Notes from Startup Grind

I took a fair amount of notes in all the sessions I attended at Startup Grind on Tuesday and Wednesday of this week. I’ll be publishing some of the notes here.

How to Succeed at Fundraising from Seed to Scale

Jeff Richards, GGV Capital Managing Partner, 13 years operating experience.

  • Market today: tough fundraising for Series B and C. Need to live up to promises made previously: living up to hype is hard. On the opposite end, businesses with strong underlying business fundamentals and great unit economics don’t have a hard time raising now.


  • Seed: Team, market, model. Find a good anchor investor. How interesting is it?
  • Series A: User traction/proof points. Team, market, model and proof. Don’t believe the hype and stay humble, because it’s never as easy as you think.
  • Series B: Revenue and user growth, data driven. Help the investor see your business as a billion dollar company. Have the diligence ready before you start the process. Ask counsel for help on deal terms.


  • Relationships matter: make the process easy and be patient and rational.
  • Don’t send cold emails: always reach out through other entrepreneurs and make it through the first filter.
  • Fundraising is an art, not a science. Knowing when to fundraise is tough. Personal belief: never too early to fundraise, follow up, and engage.
  • Greatest value-add as an investor: operating experience, because you have more empathy and understand the mental side.
  • Focus on the bigger picture of growing the company, not on gross margins/little things.

Bootstrapping a unicorn outside SV

Ryan Smith, Qualtrics; Ryan Sweeney, Accel Partners

  • On the origin of Qualtrics: launched at universities/for academia and moved to enterprise. Capitalized on the transition and change in the lives of the audience: these people brought the product with them to enterprise after they graduated.
  • On bootstrapping: they bootstrapped out of necessity, as there was no VC environment in Provo. Capital would’ve made them lazy at the incubation stage, so they instead used VC to scale the business.
  • On strategy: Short-term thinking doesn’t help: keep the long-term vision. Let happy customers talk about you: virality component.
  • On fundraising: get to know each other and don’t make fundraising just a one-time transaction.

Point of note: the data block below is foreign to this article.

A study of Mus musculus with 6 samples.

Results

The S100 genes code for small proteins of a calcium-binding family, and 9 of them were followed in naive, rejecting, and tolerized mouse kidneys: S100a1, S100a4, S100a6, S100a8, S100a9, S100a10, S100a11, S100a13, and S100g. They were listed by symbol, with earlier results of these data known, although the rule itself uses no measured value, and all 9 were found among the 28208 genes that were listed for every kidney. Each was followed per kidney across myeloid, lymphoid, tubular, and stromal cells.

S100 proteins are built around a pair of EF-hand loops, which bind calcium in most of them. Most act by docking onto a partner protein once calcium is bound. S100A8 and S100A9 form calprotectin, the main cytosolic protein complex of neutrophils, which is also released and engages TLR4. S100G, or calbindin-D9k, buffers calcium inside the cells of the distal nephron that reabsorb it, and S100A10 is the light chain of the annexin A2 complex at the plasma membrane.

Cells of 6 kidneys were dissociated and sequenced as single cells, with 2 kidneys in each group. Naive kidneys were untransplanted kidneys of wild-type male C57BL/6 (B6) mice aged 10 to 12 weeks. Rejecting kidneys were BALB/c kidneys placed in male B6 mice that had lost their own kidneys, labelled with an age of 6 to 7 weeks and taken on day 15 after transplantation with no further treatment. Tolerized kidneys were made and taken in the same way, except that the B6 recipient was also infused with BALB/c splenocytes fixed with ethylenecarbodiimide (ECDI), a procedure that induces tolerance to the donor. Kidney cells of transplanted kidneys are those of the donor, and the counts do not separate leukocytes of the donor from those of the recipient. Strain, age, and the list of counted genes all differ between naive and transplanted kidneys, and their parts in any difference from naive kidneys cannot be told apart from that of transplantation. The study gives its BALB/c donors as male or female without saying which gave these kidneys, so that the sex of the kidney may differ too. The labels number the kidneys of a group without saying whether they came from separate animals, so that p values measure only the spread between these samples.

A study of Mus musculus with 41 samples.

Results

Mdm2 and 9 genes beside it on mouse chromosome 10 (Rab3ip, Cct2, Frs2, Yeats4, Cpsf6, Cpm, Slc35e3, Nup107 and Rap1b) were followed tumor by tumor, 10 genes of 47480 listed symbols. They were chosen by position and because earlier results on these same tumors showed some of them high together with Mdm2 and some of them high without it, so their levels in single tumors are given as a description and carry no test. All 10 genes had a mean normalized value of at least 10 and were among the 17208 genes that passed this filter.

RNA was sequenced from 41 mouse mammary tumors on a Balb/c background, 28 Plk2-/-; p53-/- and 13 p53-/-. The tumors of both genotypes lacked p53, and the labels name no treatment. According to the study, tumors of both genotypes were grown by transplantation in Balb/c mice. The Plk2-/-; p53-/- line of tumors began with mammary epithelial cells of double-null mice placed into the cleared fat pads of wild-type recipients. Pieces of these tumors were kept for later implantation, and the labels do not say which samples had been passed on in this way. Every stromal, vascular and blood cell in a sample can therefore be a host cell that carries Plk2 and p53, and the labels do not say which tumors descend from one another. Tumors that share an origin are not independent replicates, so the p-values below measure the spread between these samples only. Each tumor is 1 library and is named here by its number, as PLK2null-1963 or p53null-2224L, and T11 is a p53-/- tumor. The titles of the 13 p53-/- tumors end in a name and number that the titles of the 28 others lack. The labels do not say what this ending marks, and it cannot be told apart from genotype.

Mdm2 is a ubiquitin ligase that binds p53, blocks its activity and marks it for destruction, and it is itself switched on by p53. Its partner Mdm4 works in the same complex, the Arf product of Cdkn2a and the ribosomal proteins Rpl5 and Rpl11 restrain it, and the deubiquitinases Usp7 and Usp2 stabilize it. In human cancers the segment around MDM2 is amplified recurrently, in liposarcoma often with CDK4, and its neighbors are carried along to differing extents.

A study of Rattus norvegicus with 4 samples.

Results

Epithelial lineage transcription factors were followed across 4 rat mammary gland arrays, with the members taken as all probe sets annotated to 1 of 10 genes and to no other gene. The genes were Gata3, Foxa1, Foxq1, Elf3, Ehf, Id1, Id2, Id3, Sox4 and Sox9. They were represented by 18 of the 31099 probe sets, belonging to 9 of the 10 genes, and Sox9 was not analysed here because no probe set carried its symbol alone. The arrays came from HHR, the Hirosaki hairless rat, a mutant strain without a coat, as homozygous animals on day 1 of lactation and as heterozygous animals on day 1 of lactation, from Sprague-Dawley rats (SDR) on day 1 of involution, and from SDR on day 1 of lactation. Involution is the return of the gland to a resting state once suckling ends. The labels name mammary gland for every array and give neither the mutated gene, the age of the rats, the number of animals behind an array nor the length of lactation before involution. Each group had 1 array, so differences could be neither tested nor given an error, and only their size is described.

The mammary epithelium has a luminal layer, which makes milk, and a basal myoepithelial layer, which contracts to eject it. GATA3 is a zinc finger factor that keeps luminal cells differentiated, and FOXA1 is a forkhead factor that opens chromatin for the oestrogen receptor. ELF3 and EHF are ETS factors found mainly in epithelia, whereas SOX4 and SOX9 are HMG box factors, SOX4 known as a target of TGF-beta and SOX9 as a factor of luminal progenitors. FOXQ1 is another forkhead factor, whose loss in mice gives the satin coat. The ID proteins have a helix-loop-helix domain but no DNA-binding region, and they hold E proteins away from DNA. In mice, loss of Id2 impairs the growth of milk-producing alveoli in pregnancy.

Lessons from the Front Lines in Digital Health

Christine Lemke, Evidation Health; Bill Evans, Rock Health

  • CL: starting companies never gets easier, always harder. The team has to learn a new sector and you have to understand an entire industry. Why do healthcare if it’s so tough? Impact. Within healthcare, many sub-verticals with lingo/intricacies
  • Big shift in healthcare: being paid on outcomes, not number of tests/drugs issued
  • The most insecure people are the most innovative
  • Burden of proof lies on the healthcare startup. Have to show data/evidence proving the tech works, which is a massive and expensive barrier to entry. But, if you overcome this, you have an advantage. Can’t just walk in and promise things you don’t have: need evidence.
  • With health startups: go big/orthogonal, find a tech investor to make the big bet. Otherwise, if you want to play in the system, then find an investor who understands the industry and has the network to help.

Building for Builders: Coding the World’s New Business Infrastructure

Patrick Collison, Stripe; Derek Andersen, Startup Grind

  • Underrated strategy: work within the bounds of the law, methodically and (sometimes) painfully
  • To sell or not to sell: does it further our goals?
  • Tech moving from digital-only into different industries. Also moving outside of Western Europe and US.
  • There will always be tension/disputes among cofounders
  • Spot problems, but maintain optimism: need both in balance. Optimism and pessimism are both self-fulfilling prophecies.

How to Raise VC Like a Pro

Clate Mask, Infusionsoft

5 core principles:

  1. Know the purpose of raising. Use this to attract the right investors. Have clarity on purpose.
  2. Sell: if you don’t have paying customers, it’s too early for VC.
  3. Know your metrics. Do the unit economics work?
  4. Leverage customers: testimonials
  5. You run the process. Find 12 target/good-fit firms, start at same time. 6/12 should be partner meetings. Get full partner meetings from those 6. Get 3 term sheets at the same time. Takes 3–4 weeks if you control the process.
  • Getting first intro to VCs: events, hustle.
  • Let the market decide the valuation.
  • The entrepreneur has the asset, and the VC needs the asset to increase their pot of money.